Whitetail Deer
Contributors to this thread:
Tpb 08-May-18
t-roy 08-May-18
stick n string 08-May-18
Creek chub 08-May-18
Bowman 11-May-18
kadbow 11-May-18
Tpb 12-May-18
flyingbrass 12-May-18
flyingbrass 12-May-18
flyingbrass 12-May-18
nutritionist 14-May-18
From: Tpb
08-May-18
I’m going to get a ladino plot going this year. I’ve already killed and disked the plot. Going to lime and fertilize this week and I’m eager to plant it. Question is should I wait for a late summer planting or just get it in the ground? Thanks a lot!

From: t-roy
08-May-18
In general, I’ve had better success planting in the fall vs the spring, however, if you get adequate moisture during the summer, spring plantings can do very well. Spring planted plots will also generally have more tonnage going into the fall hunting season as well. Weeds can be more of an issue in the spring vs fall, so keep on top of them by mowing and, possibly spraying.

If you have it ready to plant, I’d go ahead and put it in the ground. Good luck!

08-May-18
Frost seed all the way. If you have BARE dirt i dont think there is a more effective way to do it. It gets going and started before the weeds really get a chance to explode out of the ground and moisture is an issue.

From: Creek chub
08-May-18
I tried a spring plot last year that failed. This was new, previously forested ground though. I did amend the soil but have limited equipment. I planted clover in the fall in a different plot and I’m very pleased with its results.

Spring is more risky but doable. Late summer is more ideal conditions if drought isn’t an issue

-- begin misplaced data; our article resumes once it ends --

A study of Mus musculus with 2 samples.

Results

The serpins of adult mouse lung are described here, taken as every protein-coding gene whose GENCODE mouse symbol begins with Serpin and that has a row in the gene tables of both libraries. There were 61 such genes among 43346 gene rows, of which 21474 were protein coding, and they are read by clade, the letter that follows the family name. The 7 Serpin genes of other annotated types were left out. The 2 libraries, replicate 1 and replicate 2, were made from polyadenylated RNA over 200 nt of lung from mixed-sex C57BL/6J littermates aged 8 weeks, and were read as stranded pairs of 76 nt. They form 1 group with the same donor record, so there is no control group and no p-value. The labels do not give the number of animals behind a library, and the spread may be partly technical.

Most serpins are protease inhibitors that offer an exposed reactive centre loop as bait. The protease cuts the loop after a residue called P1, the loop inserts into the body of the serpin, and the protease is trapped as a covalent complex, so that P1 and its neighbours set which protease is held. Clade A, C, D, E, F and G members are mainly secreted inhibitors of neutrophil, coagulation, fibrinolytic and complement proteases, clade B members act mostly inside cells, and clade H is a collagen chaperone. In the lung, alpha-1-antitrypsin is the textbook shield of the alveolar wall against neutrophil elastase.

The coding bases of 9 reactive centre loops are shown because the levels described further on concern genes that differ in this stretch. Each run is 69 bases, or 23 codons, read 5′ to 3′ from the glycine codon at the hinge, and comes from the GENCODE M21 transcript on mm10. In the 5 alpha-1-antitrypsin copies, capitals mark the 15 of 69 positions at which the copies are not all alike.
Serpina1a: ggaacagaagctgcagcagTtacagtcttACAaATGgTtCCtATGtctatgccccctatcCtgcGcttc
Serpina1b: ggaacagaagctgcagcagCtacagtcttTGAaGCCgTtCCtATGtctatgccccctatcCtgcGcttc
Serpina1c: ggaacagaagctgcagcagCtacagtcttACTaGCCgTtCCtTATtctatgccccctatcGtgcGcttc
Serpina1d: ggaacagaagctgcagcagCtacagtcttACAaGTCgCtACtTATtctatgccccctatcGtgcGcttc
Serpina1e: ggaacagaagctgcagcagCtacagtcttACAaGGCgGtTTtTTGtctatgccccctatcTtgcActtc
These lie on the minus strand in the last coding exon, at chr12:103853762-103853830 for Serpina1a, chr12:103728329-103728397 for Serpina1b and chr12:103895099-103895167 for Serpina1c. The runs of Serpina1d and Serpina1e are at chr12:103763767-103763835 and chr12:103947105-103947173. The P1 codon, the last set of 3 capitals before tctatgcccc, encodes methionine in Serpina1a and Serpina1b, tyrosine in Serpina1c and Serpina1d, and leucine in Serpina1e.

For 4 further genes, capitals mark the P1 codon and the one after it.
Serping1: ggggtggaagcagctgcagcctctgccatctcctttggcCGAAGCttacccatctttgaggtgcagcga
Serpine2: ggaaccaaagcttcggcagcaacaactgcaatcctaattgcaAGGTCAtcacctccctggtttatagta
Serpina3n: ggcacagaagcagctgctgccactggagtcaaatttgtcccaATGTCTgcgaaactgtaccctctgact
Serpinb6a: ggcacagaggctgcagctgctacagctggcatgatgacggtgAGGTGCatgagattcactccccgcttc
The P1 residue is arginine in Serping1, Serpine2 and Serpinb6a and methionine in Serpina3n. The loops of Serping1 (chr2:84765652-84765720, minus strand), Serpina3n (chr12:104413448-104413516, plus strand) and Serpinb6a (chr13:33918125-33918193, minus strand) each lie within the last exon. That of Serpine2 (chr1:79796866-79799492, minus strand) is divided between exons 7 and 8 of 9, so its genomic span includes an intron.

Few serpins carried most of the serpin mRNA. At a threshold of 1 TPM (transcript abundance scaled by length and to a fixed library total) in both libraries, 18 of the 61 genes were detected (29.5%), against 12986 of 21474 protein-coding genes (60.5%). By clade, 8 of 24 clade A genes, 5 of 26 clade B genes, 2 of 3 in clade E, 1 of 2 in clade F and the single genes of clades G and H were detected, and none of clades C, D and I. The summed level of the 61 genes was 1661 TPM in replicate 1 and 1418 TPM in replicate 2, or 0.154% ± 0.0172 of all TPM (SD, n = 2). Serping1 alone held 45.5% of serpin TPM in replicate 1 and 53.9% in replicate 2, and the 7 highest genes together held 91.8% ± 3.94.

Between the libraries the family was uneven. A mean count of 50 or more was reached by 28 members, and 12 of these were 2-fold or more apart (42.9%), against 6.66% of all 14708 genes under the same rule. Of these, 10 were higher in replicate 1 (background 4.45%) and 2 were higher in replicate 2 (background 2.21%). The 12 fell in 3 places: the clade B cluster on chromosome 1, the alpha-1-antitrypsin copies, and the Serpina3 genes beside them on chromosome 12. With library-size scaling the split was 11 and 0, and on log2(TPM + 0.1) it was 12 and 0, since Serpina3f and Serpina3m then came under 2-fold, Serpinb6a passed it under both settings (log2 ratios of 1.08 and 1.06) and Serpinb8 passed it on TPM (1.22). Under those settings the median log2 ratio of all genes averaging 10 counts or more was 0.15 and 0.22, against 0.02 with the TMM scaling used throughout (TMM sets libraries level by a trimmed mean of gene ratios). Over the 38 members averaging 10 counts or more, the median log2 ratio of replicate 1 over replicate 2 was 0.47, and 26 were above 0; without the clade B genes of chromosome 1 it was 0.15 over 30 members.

From: Bowman
11-May-18
Lime will take some time to raise the pH. Since this may be a perennial plot, I would think long term. I see that you are in Connecticut, so I will take a wild guess and say that temperatures are not too hot yet. I would consider oats and peas now. I would overseed with buckwheat when soil temperature gets to 65 degrees. When fall planting time approaches, I would seed the ladino with a cover crop like cereal rye and mow whatever you have grown for thatch. If you get a second crop of oats and buckwheat, no problem. Both will winter kill. In the spring, mow the rye to release the ladino. Keep us posted.

From: kadbow
11-May-18
Not to hijack but how often should a new clover plot be mowed?

From: Tpb
12-May-18
Thanks for the input, I’m not going to rush it!

From: flyingbrass
12-May-18

flyingbrass's embedded Photo
flyingbrass's embedded Photo
Durana clover 14 months old, planted last week of February.

From: flyingbrass
12-May-18

From: flyingbrass
12-May-18

From: nutritionist
14-May-18
I'd never work ground to plant perennials. I am a huge advocate of frost seeding. There are advantages of fall planting if one is working the ground. You have less weed challenges. If one wants to plant perennials and your pH is below 6.0, you are best to get the lime down and let it work for the 4-6 months it takes for it to fully kick in. What you do is plant a soil builder mix, weed suppression mix to set one's self up for the fall perennial establishment.